Kanye West’s “Famous” copyright infringement

Kanye West is known among his fans as well as raps fans for his controversial music and lyrics. Kanye West’s most recent album, ”Life of Pablo”, has added even more fuel to the controversy fire. West already has a lawsuit against him by the music site Tidal and it seems he may be expecting another for the music video ”Famous” – a song off of the album.

West, initially, stated that the album would only be found on Tidal and not Apple, Spotify or any other music site yet shortly after fans were able to buy the album off of the said sites. West was sued by S. Carter Enterprises as a result of this breach in contract.

This suit is still ongoing.Kanye West

Another suit West has been involved in is that for his song ”New Slaves” off his 2013 ”Yeezus” album.

Hungarian composer Gábor Presser alleged that Kanye West’s ”New Slaves” bore heavy resemblance to his own composition, ”Gyongyhaju Lany,” (released in 1969) which can be heard towards the end of ”New Slaves”. Presser further alleged that he had not been aware that his song was used until after the release of West’s song.

However West counter-claimed that his management did in fact reach out to Presser about using the song, ”Gyongyhaju Lany” and that Presser initially agreed. A formal licensing agreement was supposed to be sent however it never came. West, then, sent Presser 10,000 dollars as an advance which Presser claims he never cashed and that that was the only payment he has received since.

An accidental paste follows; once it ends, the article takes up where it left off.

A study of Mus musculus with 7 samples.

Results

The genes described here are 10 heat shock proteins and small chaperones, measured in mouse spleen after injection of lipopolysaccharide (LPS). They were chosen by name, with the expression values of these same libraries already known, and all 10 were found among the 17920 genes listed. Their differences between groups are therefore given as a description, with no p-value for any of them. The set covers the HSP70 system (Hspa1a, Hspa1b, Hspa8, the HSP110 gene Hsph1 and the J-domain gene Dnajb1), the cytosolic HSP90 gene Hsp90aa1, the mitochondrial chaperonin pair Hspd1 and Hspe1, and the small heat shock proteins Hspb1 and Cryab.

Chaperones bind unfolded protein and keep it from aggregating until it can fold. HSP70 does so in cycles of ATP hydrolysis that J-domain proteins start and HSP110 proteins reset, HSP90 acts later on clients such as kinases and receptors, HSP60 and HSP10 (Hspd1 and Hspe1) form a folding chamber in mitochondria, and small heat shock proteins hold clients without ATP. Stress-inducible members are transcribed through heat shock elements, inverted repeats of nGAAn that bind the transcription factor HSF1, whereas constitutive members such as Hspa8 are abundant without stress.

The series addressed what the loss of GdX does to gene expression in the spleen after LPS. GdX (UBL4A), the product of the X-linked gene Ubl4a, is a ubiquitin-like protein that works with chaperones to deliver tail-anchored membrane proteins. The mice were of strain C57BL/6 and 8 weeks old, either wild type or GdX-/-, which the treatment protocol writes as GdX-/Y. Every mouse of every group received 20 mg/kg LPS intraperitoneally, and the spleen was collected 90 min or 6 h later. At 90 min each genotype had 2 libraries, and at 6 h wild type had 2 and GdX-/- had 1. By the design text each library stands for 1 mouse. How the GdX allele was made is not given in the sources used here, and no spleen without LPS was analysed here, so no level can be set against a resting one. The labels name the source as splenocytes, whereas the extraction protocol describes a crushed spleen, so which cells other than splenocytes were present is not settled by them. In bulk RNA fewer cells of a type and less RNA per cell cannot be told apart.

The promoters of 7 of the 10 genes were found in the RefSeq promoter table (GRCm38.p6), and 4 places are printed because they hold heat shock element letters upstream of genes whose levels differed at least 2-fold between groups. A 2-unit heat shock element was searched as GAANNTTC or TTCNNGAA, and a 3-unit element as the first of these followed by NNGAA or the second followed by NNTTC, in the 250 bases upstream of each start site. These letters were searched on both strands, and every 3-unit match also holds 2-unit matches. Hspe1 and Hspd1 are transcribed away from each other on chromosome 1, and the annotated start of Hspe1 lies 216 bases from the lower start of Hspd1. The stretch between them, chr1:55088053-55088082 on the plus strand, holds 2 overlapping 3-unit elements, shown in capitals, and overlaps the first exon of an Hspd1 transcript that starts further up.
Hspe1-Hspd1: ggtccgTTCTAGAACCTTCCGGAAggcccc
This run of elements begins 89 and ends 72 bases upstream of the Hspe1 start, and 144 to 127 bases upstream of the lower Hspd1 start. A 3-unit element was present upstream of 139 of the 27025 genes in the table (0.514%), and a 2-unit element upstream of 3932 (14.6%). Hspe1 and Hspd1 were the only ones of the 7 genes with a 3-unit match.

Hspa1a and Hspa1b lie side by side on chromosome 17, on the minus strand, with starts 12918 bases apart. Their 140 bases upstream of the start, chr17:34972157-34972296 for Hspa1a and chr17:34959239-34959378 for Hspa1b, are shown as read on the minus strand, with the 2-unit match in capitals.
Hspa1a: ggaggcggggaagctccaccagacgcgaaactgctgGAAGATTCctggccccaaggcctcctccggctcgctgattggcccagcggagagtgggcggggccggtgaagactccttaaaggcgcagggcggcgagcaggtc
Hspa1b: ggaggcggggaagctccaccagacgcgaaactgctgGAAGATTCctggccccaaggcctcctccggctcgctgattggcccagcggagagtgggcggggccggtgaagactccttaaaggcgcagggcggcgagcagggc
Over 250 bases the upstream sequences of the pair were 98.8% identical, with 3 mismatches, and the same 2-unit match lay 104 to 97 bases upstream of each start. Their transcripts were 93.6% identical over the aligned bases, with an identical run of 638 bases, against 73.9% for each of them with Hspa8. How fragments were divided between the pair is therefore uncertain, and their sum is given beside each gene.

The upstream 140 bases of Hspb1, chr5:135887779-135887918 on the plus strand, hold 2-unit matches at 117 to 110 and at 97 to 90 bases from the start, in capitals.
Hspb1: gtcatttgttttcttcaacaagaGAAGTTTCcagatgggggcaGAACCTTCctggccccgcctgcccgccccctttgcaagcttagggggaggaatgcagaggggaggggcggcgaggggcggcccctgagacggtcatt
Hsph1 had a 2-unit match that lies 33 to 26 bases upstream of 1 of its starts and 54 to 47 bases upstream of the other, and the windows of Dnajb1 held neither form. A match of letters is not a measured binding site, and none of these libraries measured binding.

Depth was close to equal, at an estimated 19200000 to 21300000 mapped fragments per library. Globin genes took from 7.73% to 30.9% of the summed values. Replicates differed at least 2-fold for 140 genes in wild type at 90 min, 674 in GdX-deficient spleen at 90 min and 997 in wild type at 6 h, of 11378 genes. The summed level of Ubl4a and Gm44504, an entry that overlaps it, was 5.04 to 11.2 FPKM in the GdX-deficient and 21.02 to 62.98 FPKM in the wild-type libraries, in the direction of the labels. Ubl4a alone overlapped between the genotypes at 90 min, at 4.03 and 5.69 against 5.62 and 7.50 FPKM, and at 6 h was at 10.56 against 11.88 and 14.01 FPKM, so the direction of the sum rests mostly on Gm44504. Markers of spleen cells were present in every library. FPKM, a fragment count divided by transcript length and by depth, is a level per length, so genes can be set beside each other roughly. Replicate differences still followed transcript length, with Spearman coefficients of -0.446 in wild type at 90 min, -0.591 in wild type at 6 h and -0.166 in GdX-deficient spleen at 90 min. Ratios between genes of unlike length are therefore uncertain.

The case is being heard in court.

The reason Kanye West may find himself being faced with yet another copyright infringement lawsuit is due to the celebrities featured in the ”Famous” music video.

The celebrities: Donald Trump, Caitlyn Jenner, Rihanna, Bill Cosby, Taylor Swift, Ray J, Chris Brown, Kanye West and his wife Kim Kardashian were featured in the music video as (very realistic) wax figurines.

If we delve deeper into the matter then we are able to identify three major legal issues : copyright infringement, defamation and the right to publicity.

Nicholas Rozansky explains that it is not the use of the celebrities themselves that would lead to a suit but rather West’s depiction of these figures. What this means is that if West (or even the wax sculptor that was under his direction) used a pre-existing photograph or video to create the sleeping wax figures, then the owner of that copyright may have a lawsuit against Mr. West.

For it to be considered a defamation suit then it would need to be slander per se. Slander is defined in the California Civil Code section 46 as a “false and unprivileged publication…by radio or any mechanical or other means which…imputes someone to a want of chastity…or (w)hich, by natural consequence, causes actual damage”. This means that the celebrities would simply need to show that the image West is associating to them is depicting them in an unchaste way/act.

Finally in terms of a right to publicity case this would mean that the right of an individual to control the commercial use of their name, image, likeness, among other aspects of one’s identity.

Although this is all speculation, it will be interesting to see the direction in which the case takes.